Anger rose up in me like the creeping flow of volcanic heat. My cheeks flushed and heart thumped in a way that defied where I was and what I was doing. It was a Bible study. The ladies were sweet, the pastor compassionate. I was a first time guest and we were studying Rahab, an Old Testament woman from the city of Jericho.
The author detailed her history before receiving two Jewish spies into her care. Horrible sinner, harlot steeped in debauchery, and vile idolater painted a picture of a woman without God.
With each sentence, passion rose up in me. Like a pugnacious defense attorney, I questioned facts versus assumptions against this unknown woman. Outrage rose out of me like smoke signals that no one understood, least of all me.
After all, I didn’t know Rahab. I only knew what I read in the second chapter of Joshua. That was it. No reason to defend her from profound injustice centuries later.
I searched for a link to this young woman. Most translations called her a harlot. I hadn’t been a prostitute, but had felt the sting of life outside the knowledge of God. For a girl, I could pull off a good junkyard dog when threatened. Judged by my history alone, I’d be in trouble, too.
God visited Rahab one day in the form of two spies from Israel. Their visit offered her an chance to realign in a shifting time. It was now or never. With prophetic insight, she told the men who they were and what they were doing there. She acknowledged their God as God in heaven above and earth beneath. She chose to make the shift and bring her family with her, trusting the mercies of a God she’d never known, but risked her life to embrace.
History’s definition doesn’t reflect what God saw in Rahab. What He saw even now defies our ignorance and prejudice. Rahab was a gate for God’s people into a new era.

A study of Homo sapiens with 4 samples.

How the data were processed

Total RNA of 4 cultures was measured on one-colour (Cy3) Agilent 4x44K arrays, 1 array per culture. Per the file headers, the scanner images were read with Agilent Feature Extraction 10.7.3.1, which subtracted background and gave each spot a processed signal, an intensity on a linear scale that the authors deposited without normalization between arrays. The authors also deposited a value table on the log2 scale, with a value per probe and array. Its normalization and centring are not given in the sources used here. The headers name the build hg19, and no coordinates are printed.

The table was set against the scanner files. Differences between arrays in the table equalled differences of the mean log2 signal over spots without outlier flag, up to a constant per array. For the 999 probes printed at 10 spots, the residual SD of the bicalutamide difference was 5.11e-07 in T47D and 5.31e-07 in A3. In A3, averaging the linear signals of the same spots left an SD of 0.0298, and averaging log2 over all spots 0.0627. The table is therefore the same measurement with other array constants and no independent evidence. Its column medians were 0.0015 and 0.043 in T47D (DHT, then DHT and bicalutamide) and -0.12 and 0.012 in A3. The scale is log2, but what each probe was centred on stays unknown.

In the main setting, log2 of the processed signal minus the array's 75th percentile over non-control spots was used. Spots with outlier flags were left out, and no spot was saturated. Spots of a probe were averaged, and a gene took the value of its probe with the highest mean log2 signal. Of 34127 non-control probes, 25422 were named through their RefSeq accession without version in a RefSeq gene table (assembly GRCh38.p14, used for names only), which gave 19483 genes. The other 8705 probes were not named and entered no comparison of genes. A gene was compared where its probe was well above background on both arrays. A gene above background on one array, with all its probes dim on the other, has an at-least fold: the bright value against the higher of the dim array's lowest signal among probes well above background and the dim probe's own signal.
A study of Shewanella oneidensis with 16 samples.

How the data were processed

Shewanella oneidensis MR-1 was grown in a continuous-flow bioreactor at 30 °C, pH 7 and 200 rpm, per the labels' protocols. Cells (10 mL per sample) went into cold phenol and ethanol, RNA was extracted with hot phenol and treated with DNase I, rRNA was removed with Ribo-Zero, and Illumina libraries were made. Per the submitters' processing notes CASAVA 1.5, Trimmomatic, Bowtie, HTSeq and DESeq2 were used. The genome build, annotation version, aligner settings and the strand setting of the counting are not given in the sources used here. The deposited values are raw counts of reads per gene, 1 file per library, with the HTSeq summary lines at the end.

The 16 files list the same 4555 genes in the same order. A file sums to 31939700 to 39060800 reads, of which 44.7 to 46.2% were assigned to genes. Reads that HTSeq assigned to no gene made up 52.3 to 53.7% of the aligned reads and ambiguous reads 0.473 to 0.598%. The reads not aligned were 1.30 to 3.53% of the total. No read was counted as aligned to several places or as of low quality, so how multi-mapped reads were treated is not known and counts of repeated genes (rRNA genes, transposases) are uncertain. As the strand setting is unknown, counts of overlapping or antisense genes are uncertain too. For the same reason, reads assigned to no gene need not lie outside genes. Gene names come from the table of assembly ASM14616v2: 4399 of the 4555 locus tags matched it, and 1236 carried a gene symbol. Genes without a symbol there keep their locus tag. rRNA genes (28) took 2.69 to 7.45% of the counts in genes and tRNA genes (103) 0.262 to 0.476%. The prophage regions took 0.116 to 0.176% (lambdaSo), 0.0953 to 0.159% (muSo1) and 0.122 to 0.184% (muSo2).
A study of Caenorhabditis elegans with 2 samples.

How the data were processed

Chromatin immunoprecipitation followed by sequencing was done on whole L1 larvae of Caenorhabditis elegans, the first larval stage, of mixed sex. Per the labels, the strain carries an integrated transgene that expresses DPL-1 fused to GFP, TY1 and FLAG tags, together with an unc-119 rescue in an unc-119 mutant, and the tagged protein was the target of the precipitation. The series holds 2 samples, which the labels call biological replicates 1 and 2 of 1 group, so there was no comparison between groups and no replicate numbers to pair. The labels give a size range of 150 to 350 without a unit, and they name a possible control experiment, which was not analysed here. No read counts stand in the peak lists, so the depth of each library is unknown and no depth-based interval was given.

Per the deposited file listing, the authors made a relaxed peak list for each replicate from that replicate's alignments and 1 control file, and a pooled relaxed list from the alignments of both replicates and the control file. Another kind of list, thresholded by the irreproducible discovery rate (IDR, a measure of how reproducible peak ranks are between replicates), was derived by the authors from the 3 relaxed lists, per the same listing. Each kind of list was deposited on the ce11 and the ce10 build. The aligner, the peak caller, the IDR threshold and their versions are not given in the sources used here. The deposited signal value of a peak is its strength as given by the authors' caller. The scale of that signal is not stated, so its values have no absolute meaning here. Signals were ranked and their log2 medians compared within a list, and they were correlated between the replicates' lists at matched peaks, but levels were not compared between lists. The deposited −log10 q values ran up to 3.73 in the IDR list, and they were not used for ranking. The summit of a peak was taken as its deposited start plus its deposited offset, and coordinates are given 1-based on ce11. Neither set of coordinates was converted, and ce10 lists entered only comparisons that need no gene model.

Have you ever been locked out of a place you needed to go? I have. My history doesn’t affirm a gift from God. If religion saw my imperfections, I’d be hailed second-class citizen. Insecurity still shouts if I let it. The accuser still taunts, unless I silence him with the reflection I see in a different mirror.
Gateway people can go unnoticed. Their wrapping may be prostitute or drug addict. Or maybe just a simple lady with a wounded past. Like Lazarus with stinky grave-clothes, they carry resurrection life under a mess.
Israel had an enemy called the Amalekites. They were assassins of the weak. They picked off children, nursing mothers, the elderly – those who couldn’t keep up with the virile young warriors. God remembered them. And not in a good way. (Deuteronomy 25:17,18)
God remembers the forces of hell against us. He puts a sword in the hands of the strong, not to slice and dice each other, but to destroy assassins who rise up against the weak and helpless. He wants us to be a refuge. He’s made us His gates.
I love Rahab’s heart. God did, too. I want to be a refuge for God’s people moving forward, offering His gate through iron-like resistance. I want my prayers and my life to protect the vulnerable.
So I’m taking another look in His mirror. What I see in His eyes surprises me. Its better than I imagined and bigger than my history decreed. It gives me hope. It challenges, but makes me happy. I’ll be looking for those Rahabs. After all, it takes one to know one.